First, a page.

By Cassie Smith
Having an author website is a bit like a business card – it establishes credibility, a point of contact, and an opportunity to showcase your work.
It can be well-agreed that in 2020, having an online presence as an author is essential, and an author website no exception.
As an author, you might have even envisioned what you want to put on your website – maybe a blog; an annotated gallery; links to events etc. What you might not have considered, however, is your domain name.
What is a Domain Name?
A domain name is the address of your website that people type in the browser URL bar to visit your website.
In simple terms, if your website was a house, then your domain name will be its address.
An example of a domain name is: www.google.com
Now that we have an understanding of what a domain name is, let’s move on to determining what the right one is for you!
Book Title vs. Author Name?
The two main natural categories for your author website title: your Author Name or your Book Title. The reason for this is simple – you want your domain title to be relevant and meaningful to your work as an author.
Using your Author Name
Should your name be unavailable, you can consider a variation of your name with an author-related term. Here are some examples:
Using your Book Title
But what if you write another book?
This is appropriate for authors who are only intending to use their website for one book, or have a series title they can use. It will help searchers who already know the title, but not many others. You can get the domain name of your book title if your title is unique or includes branding you want to carry over into the future.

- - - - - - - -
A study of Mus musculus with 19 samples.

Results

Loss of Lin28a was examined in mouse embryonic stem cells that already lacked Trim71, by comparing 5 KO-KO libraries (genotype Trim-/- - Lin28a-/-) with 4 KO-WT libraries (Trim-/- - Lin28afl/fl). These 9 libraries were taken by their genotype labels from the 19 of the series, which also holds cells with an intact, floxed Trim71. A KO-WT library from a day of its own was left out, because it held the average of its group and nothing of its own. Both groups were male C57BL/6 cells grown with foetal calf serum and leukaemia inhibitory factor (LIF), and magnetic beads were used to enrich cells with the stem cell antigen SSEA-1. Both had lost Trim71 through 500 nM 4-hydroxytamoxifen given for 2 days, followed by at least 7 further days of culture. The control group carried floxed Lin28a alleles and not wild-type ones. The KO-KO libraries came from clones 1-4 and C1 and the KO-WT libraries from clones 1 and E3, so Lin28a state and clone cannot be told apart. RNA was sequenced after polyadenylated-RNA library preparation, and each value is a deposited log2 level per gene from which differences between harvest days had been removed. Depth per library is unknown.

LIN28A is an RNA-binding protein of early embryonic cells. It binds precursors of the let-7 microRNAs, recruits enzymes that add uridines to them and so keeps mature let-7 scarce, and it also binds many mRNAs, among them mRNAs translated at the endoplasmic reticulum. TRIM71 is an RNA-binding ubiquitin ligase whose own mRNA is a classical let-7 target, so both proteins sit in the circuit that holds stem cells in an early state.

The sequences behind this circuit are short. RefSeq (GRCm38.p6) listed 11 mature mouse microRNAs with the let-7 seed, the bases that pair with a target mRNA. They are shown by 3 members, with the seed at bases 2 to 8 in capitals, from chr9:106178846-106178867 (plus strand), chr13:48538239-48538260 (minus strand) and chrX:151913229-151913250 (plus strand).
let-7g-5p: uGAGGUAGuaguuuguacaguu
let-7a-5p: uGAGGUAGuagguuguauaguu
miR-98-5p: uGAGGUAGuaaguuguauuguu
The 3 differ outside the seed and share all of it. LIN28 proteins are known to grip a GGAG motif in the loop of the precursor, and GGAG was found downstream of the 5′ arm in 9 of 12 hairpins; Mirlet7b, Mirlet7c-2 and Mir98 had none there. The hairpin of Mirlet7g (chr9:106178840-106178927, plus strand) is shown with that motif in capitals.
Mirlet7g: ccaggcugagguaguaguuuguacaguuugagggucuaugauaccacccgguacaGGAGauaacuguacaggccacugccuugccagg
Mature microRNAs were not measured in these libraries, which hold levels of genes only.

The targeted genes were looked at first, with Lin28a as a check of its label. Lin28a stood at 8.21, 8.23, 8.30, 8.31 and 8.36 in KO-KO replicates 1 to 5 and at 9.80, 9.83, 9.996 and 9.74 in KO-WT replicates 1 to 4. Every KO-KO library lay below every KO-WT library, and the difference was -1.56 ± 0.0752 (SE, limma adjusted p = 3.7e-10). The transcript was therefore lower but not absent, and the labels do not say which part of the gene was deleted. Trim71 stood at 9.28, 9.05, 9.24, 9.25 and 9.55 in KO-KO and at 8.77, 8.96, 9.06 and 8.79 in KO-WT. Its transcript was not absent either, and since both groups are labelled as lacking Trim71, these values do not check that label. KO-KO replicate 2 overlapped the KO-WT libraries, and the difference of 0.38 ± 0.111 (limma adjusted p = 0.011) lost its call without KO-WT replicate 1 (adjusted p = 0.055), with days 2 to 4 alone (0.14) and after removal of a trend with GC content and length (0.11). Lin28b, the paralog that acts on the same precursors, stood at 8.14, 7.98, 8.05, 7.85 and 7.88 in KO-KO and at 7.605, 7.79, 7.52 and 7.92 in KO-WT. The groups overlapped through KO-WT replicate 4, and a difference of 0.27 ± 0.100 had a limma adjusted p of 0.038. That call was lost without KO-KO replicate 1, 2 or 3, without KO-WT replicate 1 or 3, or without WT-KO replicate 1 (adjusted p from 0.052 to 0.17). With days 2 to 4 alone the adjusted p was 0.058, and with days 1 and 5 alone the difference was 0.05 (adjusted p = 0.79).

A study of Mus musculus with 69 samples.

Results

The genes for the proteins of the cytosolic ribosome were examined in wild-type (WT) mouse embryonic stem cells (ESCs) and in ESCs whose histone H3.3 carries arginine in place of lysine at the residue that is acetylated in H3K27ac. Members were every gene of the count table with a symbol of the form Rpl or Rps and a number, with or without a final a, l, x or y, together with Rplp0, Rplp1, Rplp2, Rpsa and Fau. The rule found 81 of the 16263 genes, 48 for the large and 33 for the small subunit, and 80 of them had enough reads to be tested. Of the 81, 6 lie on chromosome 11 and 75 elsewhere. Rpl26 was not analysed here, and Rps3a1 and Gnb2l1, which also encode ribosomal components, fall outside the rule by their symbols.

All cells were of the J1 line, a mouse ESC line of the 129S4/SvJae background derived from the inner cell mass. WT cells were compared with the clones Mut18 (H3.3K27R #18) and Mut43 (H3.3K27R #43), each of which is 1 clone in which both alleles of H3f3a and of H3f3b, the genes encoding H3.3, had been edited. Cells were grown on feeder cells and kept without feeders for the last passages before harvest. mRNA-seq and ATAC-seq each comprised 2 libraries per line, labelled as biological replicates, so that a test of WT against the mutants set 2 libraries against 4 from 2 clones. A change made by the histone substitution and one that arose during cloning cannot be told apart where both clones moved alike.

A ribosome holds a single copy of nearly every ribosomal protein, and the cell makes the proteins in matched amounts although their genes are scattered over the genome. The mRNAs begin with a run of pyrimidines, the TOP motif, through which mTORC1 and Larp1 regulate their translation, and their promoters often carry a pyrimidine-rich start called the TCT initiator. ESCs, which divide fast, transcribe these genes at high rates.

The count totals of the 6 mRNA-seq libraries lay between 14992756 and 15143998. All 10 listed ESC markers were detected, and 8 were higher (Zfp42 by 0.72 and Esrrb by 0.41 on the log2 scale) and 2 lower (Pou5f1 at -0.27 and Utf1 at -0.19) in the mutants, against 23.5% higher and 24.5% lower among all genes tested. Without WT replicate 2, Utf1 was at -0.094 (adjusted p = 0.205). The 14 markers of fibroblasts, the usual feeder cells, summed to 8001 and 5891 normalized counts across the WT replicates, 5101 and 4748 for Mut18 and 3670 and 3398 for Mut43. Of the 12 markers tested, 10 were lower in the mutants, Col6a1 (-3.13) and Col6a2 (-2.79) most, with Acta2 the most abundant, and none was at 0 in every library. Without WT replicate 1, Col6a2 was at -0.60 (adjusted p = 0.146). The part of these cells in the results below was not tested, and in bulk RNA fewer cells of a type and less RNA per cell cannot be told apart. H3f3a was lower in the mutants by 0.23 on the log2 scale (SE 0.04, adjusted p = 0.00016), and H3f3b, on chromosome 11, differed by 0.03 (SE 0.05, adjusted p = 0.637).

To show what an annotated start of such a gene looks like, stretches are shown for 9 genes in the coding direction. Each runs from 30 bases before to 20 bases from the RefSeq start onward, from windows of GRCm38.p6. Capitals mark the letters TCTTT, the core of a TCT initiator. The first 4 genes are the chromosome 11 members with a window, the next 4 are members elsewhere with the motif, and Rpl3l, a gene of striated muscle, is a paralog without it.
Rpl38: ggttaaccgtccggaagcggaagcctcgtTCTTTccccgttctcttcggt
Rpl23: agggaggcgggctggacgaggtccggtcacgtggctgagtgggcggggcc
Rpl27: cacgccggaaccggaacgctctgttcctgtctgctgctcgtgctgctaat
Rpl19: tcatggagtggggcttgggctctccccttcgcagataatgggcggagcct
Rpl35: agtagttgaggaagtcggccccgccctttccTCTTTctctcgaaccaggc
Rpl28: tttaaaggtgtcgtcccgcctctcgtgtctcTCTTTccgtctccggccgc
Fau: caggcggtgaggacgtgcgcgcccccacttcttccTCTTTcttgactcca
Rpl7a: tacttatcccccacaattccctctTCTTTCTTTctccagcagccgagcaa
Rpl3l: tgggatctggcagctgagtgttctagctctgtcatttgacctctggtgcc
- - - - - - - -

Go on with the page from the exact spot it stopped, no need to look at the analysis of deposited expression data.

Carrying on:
For nonfiction authors, a book title website can be helpful, because book titles and subtitles usually contain important keywords. This can help people identify what your book is about, and make it easier to search.
Keep it Simple.
Hyphens, filler words (the, and), numbers (janesmith22, janesbooks4u) and miss-spellings (crrreativebook) are not going to help your readers find you. Keep your domain short (less than 15 characters), and avoid the use of special characters ([email protected]#$%&…) and numbers.
- Spaces are not allowed in any Internet address. Therefore, never use spaces when creating a domain name.
- Capitalization does not register for a domain name. For example, it does not matter if you use uppercase or lowercase with “sarahsmithauthor.com,” it still reaches the same page.
Search to See if Your Domain Name is Available
Your first choice for a domain may already be taken, so it’s important to search before getting too far into the website building process. This is especially true for more common names and book titles. If your name is taken, consider the above strategies to make it more unique, while still being memorable and relevant.
You can use GoDaddy’s Domain Search tool to quickly look through different domain options.